Finding the Christmas Spirit in New Orleans

The holiday spirit seems unthinkable when so much of New Orleans is still destroyed. But as ABC News went door to door this morning, people like Jocelyn Jackson were determined to be home for the holidays.

Electricity was restored to Jackson's neighborhood yesterday, just in time to hang lights and put up a Santa.

"I felt blessed that my home didn't go under with Katrina," she said, "and I just wanted to be in the season, be in the Christmas spirit. It helped me."

Peter Morgan lost his home, but his Christmas decorations survived in the attic and he decided to decorate his FEMA trailer from top to bottom.

"We said we had to put up some lights to make it seem like home," Morgan said. "It kinda got out of hand."

People here are resilient and have managed to keep their sense of humor. Every decoration on one tree was a reminder of Katrina. The sad fact is that in most New Orleans' neighborhoods, there are no decorations, no holiday spirit, because there are simply no people.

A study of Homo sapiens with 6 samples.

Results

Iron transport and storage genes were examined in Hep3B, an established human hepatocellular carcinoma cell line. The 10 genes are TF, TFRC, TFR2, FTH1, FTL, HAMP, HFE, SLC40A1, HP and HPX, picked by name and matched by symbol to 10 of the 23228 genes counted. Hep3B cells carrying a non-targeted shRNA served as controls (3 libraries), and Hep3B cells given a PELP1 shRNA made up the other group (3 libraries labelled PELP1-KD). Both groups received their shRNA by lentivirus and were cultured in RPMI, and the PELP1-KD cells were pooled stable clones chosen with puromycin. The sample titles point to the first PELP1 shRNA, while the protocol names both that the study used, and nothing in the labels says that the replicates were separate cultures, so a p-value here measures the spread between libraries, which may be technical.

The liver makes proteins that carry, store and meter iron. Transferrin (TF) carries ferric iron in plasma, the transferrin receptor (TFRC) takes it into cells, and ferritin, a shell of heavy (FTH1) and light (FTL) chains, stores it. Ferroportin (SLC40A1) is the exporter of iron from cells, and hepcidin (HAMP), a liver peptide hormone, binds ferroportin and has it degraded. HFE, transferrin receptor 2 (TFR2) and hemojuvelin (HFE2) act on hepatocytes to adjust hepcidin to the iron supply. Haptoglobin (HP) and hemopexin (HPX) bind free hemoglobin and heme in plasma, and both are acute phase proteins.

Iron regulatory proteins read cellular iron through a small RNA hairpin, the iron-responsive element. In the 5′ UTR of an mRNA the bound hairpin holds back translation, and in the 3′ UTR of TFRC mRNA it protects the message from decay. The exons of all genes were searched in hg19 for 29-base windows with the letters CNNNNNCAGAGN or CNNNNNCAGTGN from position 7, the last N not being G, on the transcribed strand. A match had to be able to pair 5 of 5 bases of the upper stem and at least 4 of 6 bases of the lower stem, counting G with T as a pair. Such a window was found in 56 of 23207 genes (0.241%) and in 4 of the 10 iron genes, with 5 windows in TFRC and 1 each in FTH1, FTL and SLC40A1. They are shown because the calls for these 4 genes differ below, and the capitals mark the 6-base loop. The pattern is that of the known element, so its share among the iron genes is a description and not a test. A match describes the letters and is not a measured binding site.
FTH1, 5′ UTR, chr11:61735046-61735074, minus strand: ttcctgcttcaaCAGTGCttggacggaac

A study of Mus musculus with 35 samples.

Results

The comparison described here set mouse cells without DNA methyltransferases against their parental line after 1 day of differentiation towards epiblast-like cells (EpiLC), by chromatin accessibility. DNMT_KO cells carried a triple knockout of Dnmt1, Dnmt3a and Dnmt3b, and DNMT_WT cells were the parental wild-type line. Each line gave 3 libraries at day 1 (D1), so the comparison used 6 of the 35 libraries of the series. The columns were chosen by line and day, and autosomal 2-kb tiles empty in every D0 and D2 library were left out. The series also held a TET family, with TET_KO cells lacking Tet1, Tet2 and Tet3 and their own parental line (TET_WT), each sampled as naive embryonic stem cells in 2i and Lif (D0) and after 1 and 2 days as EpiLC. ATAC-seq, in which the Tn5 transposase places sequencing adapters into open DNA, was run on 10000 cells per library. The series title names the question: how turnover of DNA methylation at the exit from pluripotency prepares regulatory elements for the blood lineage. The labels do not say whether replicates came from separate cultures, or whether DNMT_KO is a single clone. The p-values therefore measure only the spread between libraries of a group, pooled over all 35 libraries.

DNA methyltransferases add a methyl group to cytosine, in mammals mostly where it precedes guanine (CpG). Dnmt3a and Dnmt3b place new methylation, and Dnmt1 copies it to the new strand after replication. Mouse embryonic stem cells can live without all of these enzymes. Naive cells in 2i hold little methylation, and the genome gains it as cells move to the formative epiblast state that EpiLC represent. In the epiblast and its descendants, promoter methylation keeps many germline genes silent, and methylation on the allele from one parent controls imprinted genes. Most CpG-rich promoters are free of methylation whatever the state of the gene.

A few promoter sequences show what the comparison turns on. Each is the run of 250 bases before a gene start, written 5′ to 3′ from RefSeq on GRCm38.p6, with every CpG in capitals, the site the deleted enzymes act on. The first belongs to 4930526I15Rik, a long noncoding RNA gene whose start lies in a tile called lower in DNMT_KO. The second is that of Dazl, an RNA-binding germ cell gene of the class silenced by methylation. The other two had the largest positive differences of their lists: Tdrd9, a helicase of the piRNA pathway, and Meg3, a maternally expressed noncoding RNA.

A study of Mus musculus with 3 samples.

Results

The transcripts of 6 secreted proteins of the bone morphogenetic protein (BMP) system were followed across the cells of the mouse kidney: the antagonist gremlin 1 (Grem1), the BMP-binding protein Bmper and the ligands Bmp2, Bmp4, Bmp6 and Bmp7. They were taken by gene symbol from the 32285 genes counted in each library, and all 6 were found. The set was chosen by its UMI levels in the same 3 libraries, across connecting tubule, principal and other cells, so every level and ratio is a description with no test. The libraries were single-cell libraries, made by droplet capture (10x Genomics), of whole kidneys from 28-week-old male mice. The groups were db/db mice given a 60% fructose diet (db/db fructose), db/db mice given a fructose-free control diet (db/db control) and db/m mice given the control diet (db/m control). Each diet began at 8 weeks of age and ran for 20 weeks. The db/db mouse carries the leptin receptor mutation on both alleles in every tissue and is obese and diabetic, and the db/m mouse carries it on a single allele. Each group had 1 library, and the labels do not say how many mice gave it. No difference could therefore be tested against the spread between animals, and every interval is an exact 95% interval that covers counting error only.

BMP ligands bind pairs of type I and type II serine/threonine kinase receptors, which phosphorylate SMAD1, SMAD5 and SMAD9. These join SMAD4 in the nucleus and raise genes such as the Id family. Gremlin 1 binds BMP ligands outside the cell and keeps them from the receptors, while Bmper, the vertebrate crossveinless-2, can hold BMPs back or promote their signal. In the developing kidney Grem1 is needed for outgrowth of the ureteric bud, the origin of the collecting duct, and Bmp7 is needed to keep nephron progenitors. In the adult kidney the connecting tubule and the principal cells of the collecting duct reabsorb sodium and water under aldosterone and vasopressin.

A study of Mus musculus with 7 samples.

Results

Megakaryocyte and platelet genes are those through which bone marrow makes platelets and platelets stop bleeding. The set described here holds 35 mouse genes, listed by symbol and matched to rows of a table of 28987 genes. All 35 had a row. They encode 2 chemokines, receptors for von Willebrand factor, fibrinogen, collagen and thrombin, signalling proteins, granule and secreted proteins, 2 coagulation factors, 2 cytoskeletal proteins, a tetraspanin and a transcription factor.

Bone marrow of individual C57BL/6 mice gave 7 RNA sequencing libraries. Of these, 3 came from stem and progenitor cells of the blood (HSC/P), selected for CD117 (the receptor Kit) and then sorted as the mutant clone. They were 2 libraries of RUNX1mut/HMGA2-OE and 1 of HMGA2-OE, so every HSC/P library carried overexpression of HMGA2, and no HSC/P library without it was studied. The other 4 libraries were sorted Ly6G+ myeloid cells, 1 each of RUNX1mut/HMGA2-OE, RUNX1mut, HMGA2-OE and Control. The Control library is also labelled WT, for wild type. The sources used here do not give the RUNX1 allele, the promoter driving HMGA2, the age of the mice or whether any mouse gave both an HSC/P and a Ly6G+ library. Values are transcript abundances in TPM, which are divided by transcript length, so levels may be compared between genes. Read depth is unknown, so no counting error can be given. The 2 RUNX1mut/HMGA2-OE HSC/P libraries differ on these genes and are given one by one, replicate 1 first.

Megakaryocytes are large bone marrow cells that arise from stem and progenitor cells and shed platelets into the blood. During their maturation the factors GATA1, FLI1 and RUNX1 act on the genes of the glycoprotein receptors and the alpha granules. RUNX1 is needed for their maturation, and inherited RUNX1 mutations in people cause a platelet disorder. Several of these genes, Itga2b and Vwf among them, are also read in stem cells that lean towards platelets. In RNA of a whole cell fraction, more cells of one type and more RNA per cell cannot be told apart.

Few Back in Town

Our Lady Star of the Sea and Franklin Avenue Baptist Church would normally be full of worshippers on Christmas Eve. Both churches have been devastated -- their congregations are gone.

When David Erath bought "Santa's Quarters" in New Orleans in January, he was expecting spectacular sales over the holidays. His timing could not have been worse.

"We're trying to have a good time and enjoy it and make the most of it," Erath said. "But it's kind of difficult to do when so many people are suffering around us."

But New Orleans has once again lighted City Park. It's one of the few places where children like Ariana Nicholas can come to play. "There is really nowhere to go," Nicholas said, "but I still love Christmas."

The National Guard Band plays carols every night. New Orleans used to be a city of nearly 500,000, and only 60,000 have returned. Still, the show goes on.

Because of the looting after Katrina, New Orleans has had a 2 a.m. curfew, even in the French Quarter. Tonight, the curfew comes to an end.

"No last call," said restaurant manager Daryl Broadway. "Come on down. We'll take care of you all night long, 24/7."